On this new level you live, you have been living more comfortably every day, with new morals, new principles. You have accepted things you would not have accepted five years ago, a year ago, things that your father, even in Germany, could not have imagined.” - Milton Mayer in 'They Thought They Were Free: The Germans 1933-45'
In Liquid Modernity, the late sociologist Zigmunt Bowman said that in the initial stage of industrialisation, capital, management and labour all had to stay in one another's company. Workers depended on being hired for their livelihood; capital depended on hiring them for its growth. The dependence was therefore mutual, and the two sides were bound to stay together for a very long time to come. Both sides recognized that there were limits to how far the other side in the conflict of interests could and should be pushed. Thus there were limits to the inequality which capital could survive.
This was the reason why the state needed to introduce minimum wages or time limits to the working day and week, as well as legal protection for labour unions and other weapons of worker self-defence. It ensured that the system is protected against the suicidal consequences of leaving unchecked the capitalists’ greed in pursuit of a quick profit. Those factors are now absent and a reversal of this trend is unlikely.
This is because now labour and capital are no longer interdependent because of technological advances. The ideas of corporate loyalty and rewarding seniority have disappeared. Risk has become a daily necessity shouldered by the masses. Capital, which means power, can move with the speed of the electronic signal and so it can move its essential ingredients instantaneously. Labour, on the other hand, remains as immobilized as it was in the past. The company is free to move; but the consequences of the move will remain. Whoever is free to run away from the locality, is free to run away from the consequences.
It is the people who cannot move quickly or who cannot leave their place at all, who are ruled. The mobility acquired by ‘people who invest’ has resulted in power being detached from obligations: not only duties towards employees, but also towards the younger and weaker, towards yet unborn generations. This means power has now got freedom from the duty to contribute to daily life and the perpetuation of the community. This freedom implies that capital has to look at only at economic costs; other costs are for the territorially bound to manage.
There are a large number of workers tied to the assembly line or to the computer networks and electronic automated devices like check-out points. Nowadays, they tend to be the most expendable parts of the economic system. Neither particular skills, nor the art of social interaction with clients are required for their jobs - and so they are easiest to replace. Detachment and superficial cooperativeness are better armour for dealing with current realities than behaviour based on values of loyalty and service.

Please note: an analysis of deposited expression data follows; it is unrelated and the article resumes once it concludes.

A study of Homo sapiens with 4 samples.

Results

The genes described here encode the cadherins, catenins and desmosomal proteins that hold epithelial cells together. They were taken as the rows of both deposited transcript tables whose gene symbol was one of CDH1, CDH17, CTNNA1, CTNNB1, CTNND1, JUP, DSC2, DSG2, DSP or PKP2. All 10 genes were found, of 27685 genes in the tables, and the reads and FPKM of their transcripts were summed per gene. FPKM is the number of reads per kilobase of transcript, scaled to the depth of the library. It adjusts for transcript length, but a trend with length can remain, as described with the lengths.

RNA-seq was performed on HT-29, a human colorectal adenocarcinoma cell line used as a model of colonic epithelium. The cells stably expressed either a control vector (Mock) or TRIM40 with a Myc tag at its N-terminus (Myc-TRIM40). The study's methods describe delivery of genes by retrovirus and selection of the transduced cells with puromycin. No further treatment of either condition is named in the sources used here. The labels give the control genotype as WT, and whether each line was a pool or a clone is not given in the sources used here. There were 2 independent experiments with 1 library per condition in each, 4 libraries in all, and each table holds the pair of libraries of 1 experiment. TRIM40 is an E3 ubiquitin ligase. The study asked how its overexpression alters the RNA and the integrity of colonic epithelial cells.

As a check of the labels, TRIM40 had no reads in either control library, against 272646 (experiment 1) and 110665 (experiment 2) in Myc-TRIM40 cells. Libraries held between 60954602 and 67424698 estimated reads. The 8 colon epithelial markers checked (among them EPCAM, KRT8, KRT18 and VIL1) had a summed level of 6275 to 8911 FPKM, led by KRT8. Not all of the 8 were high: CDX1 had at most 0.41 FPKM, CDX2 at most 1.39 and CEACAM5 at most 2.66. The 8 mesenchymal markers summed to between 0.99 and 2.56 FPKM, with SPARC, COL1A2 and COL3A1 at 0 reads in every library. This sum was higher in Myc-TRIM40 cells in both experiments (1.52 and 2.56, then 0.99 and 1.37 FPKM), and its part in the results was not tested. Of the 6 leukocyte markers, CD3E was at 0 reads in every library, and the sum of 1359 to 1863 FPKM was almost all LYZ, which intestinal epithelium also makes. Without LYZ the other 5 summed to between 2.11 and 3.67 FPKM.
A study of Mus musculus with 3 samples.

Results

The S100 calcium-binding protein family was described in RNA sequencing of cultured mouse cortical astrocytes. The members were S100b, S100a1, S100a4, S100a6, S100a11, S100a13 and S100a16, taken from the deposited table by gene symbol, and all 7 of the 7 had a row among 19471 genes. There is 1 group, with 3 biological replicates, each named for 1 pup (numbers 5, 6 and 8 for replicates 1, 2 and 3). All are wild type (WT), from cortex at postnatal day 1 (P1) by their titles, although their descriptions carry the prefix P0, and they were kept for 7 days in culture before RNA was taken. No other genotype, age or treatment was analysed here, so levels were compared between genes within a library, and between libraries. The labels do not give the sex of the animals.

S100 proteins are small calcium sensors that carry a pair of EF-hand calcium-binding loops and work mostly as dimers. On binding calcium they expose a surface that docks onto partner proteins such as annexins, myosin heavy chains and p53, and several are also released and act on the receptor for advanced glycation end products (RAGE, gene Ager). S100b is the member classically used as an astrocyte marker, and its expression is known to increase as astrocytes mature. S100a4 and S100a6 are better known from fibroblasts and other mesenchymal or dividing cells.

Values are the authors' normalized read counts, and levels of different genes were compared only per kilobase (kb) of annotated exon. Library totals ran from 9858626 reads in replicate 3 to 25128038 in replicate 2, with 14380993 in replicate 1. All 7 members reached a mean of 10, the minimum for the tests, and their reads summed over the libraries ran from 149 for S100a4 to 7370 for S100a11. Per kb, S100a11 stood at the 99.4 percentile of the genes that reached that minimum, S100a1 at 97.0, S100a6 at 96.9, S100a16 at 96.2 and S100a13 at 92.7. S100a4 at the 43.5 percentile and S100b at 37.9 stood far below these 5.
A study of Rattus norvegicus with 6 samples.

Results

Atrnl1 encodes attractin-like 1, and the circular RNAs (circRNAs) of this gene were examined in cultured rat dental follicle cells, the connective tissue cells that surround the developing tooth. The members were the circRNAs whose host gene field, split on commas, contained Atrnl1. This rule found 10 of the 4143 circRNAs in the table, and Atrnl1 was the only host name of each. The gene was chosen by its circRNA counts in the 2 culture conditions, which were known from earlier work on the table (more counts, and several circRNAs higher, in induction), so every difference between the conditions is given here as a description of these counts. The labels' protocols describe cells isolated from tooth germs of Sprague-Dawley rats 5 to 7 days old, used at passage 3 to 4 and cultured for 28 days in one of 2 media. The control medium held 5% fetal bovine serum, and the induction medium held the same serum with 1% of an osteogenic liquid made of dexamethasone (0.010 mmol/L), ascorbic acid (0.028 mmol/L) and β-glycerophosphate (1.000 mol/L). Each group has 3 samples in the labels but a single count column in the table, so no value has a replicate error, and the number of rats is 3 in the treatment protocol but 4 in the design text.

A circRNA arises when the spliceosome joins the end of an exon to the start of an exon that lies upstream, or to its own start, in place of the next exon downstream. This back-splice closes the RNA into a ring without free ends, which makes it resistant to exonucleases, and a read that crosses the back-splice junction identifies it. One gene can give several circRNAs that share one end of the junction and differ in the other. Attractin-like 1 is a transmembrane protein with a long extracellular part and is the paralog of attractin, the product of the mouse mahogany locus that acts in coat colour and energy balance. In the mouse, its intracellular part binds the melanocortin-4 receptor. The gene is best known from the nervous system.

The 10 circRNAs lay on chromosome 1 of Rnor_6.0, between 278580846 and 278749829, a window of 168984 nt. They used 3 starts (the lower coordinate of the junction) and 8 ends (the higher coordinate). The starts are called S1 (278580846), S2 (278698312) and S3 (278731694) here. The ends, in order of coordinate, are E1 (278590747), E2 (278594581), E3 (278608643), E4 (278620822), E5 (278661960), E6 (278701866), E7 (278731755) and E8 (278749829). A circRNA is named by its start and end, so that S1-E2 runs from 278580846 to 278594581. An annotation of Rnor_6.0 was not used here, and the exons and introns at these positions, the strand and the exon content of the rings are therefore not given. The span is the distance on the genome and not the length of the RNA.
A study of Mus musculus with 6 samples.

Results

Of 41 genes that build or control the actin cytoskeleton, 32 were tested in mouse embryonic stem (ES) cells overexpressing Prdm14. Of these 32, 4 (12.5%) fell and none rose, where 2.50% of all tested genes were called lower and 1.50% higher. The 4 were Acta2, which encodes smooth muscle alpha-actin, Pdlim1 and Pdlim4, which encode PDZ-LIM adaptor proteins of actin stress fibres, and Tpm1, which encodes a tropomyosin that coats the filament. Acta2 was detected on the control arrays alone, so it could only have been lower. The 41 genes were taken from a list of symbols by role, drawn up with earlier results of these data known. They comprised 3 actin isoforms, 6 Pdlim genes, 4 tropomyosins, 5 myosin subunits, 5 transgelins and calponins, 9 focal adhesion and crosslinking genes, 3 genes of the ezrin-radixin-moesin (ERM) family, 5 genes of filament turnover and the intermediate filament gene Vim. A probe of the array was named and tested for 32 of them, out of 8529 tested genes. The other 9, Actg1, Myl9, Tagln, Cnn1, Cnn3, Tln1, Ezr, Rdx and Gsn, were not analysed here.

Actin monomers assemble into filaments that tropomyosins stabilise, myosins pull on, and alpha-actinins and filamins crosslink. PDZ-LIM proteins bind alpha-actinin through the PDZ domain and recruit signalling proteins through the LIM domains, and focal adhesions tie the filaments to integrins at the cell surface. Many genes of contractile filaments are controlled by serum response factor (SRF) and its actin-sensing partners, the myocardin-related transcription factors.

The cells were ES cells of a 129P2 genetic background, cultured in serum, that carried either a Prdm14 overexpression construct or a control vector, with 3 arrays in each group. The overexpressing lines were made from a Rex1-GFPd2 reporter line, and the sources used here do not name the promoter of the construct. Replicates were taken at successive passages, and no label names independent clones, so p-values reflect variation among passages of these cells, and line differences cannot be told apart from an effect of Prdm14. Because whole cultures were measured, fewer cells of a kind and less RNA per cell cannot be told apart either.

People no longer work at the same company or the same job for long stretches of time. They switch jobs or switch teams or change fields or even become consultants. There’s no predictability, no long-term commitment, no long-term relations with co-workers and bosses, no loyalty, more confusion, etc. “No long term” means keep moving, don’t commit yourself, and don’t sacrifice. In such an environment, there is no need to look beyond immediate personal satisfaction.
The uncertainty created by the new realities of the workplace is a powerful individualising force: it makes people think more about themselves and think less about others. It divides instead of uniting, and since there is no telling who will wake up the next day in what division, the idea of 'common interests' loses all pragmatic value. Once the employment of labour has become short-term and precarious there is little chance for mutual loyalty and commitment to develop.
The mobility of capital has made the modern state powerless. While all the agencies of political life stay within the boundaries of the state, power flows well beyond their reach and thus outside citizens’ control. Capital has acquired enough mobility in most cases to blackmail territory-bound political agencies into submission to its demand. The threat of cutting local ties and moving elsewhere reduces the powers of local agencies to take action.
A government has little choice but to implore and cajole capital to come in by 'creating better conditions for free enterprise', which means, using all the regulating power at the government's disposal for deregulation, of dismantling and scrapping the extant 'enterprise constraining' laws and statutes. This means low taxes, fewer or no rules and above all a 'flexible labour market'. More generally, it means a docile population, unable and unwilling to put up an organised resistance to whatever decision the capital might yet take.
Paradoxically, governments can hope to keep capital in place only by convincing it beyond reasonable doubt that it is free to move away. Governments that don't play ball incur severe costs, generally economic. They may be refused loans or denied reduction of their debts; local currencies would be speculated against and pressed to devalue; local stocks would fall on the global exchanges; the country may face economic sanctions; global investors would withdraw their assets.